The Loop Newspaper - Tehachapi's Online Community News & Entertainment Guide

By Harold Pierce
AHTV Communication Manager 

Local holds on to hope and memories after Camp Fire


January 5, 2019

Photo provided

Angela Newton

Around the holidays, when Angela Newton reflects on her childhood in Paradise, Calif., she thinks about the home her family built.

The one with the light blue siding and wraparound decks. The one where her mother hosted formal dinner parties with fine china for friends and family on holidays. The one where she worked alongside her daddy in the garage to change the clutch in her first car. The one she helped build with her own hands, digging leach lines and laying floors, helping transform a plot of barren land pitted in the forest into her family's 3,300-square-foot dream.

It now exists only in memories.

"It's part of my grieving process – not for the property, and not for the things we lost, but it's the legacy," said Newton, director of nutritional services at Adventist Health Bakersfield and Adventist Health Tehachapi Valley. "It's knowing what my father and mother lived through and worked through to realize this dream."

Newton's family home was just one of nearly 14,000 houses destroyed by the Camp Fire, the deadliest fire in the state's history, which scorched more than 153,000-acres in Butte County, Calif., and devastated the community of Paradise where Adventist Health Feather River stands.

Despite that loss, as Christmas drew near, Newton and her family found things for which they're grateful, much of which she attributes to divine intervention.

Her father, Ron – who built a career as a surgery tech before becoming a deacon – and mother, LaFreeda – who worked as a nurse before becoming director of chaplain services at Adventist Health Feather River for 14 years – have found God in the unexpected again and again.

Even the way they came across that land in Paradise almost four decades ago seemed serendipitous. Ron wanted a life for his kids that stood in stark contrast to his upbringing in South Central Los Angeles, which was marked with gang murder, violence and fear.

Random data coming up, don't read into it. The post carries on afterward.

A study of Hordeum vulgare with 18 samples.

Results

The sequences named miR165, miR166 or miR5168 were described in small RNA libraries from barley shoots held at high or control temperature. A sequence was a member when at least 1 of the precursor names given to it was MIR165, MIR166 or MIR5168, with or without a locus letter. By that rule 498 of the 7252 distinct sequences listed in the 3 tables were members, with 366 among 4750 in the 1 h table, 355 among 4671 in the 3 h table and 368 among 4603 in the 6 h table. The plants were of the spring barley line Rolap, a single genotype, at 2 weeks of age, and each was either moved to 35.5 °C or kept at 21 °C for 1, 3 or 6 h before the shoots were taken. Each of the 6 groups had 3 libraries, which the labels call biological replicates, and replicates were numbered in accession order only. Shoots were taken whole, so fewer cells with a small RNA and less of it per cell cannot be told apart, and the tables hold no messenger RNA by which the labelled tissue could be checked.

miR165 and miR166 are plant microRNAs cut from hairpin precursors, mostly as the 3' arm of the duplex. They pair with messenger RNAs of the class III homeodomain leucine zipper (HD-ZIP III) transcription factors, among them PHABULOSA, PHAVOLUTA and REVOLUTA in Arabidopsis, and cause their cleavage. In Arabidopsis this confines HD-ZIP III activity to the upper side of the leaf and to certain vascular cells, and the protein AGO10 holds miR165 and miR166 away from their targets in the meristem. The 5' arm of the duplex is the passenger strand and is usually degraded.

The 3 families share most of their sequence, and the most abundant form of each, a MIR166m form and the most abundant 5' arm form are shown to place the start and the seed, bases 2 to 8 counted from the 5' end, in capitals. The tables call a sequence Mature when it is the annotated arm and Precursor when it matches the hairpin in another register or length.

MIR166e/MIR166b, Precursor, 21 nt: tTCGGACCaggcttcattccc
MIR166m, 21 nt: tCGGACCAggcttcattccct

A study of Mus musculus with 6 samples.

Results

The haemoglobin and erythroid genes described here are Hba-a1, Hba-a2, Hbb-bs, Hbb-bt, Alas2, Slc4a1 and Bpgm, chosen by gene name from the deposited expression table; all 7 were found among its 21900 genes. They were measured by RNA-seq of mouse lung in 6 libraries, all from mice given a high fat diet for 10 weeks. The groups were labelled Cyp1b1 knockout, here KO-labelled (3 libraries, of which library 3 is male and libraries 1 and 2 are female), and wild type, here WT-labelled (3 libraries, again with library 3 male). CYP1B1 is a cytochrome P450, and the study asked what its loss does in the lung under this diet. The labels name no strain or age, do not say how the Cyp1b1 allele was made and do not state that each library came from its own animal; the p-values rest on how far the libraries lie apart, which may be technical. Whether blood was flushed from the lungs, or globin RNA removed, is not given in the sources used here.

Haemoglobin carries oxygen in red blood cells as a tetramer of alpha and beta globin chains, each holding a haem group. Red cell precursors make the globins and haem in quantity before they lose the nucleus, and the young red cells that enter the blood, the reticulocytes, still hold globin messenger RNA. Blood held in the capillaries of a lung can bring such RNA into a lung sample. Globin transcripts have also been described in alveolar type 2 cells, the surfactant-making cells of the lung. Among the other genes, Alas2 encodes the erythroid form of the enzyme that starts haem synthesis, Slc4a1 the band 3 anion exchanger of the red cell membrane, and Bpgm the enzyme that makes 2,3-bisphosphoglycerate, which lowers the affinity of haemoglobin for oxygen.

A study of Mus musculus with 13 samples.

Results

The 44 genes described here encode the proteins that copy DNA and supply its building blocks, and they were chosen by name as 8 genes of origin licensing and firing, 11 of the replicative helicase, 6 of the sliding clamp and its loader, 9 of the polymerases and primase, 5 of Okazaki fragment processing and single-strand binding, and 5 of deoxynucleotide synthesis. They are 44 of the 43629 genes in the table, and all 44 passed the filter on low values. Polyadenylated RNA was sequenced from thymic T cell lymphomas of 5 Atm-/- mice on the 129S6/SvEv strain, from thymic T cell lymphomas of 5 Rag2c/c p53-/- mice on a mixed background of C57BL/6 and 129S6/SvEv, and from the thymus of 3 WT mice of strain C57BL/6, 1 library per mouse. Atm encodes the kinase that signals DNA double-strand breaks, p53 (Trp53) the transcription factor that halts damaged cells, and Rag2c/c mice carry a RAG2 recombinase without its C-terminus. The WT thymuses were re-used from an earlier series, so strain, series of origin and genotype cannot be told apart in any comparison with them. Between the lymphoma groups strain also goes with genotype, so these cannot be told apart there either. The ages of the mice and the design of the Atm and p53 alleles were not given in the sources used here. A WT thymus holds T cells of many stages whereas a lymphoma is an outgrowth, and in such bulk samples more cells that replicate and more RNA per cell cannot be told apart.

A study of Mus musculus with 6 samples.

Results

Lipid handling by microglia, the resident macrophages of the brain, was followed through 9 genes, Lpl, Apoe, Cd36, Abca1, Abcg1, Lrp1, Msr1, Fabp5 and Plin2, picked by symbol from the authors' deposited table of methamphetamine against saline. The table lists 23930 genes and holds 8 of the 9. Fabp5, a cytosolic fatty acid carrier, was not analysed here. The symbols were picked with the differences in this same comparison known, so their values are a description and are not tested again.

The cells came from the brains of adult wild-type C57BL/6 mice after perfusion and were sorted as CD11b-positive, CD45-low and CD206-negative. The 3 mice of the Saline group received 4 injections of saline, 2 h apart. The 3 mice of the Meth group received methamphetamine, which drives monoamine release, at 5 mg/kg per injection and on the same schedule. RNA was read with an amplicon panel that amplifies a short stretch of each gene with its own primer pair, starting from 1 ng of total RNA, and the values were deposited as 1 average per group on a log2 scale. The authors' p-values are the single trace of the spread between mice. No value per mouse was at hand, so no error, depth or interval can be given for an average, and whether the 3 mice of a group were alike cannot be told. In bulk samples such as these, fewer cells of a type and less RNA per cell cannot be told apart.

"My father's desire was to create a living environment much different than what he knew growing up," Newton said. "He chose a good woman to partner with and he wanted to return to something whole, something safe and something he could focus attention on, seeing his generation not only preserved but thriving."

A picturesque home in the forest seemed like the right fit, but Ron and LaFreeda thought they would have to travel to Oregon to find a place to call their own.

Then, while trekking north in the early 1980s, their van began to sputter. It started to slow and broke down on a forest road. When the couple looked up, it was like a sign from God: sprawling acreage with a for sale sign sunk into the ground near the roadside – a little piece of paradise in Northern California. They built their lives there.

The Camp Fire wasn't the first time Newton's family home was threatened by fire. Ron stood his ground in 2008 when another wildfire threatened the property and fought off the flames until firefighters forced him to evacuate.

He didn't have that opportunity with the Camp Fire inferno. It was a blessing from God, Newton says, that she had persuaded her parents to travel to Bakersfield early for her birthday and a pre-Thanksgiving gathering. They were among the first off the mountain as the fire began.

Photo provided

Harold Pierce.

"I believe that's divine intervention," Newton said. "Nobody's walking around with their head down over the fact that this is a catastrophic loss. This is another part of the journey, and a temporary situation."

Christmas, however, was different this year. Newton's family didn't retreat north to their family home where they spent so many holidays. Her mother didn't put out fine china for a meal to feed 50 people, as she did so many times. Her father didn't go out back to tinker on cars in the garage.

Instead, the family celebrated Christmas at Newton's home in Bakersfield, a somewhat daunting experience for someone who admits they're "no Suzy Homemaker."

But the holiday wasn't somber, Newton said. They still gave thanks for the blessings they have, and spoke about their plans to rebuild in Paradise against all odds, inspiring hope for another generation.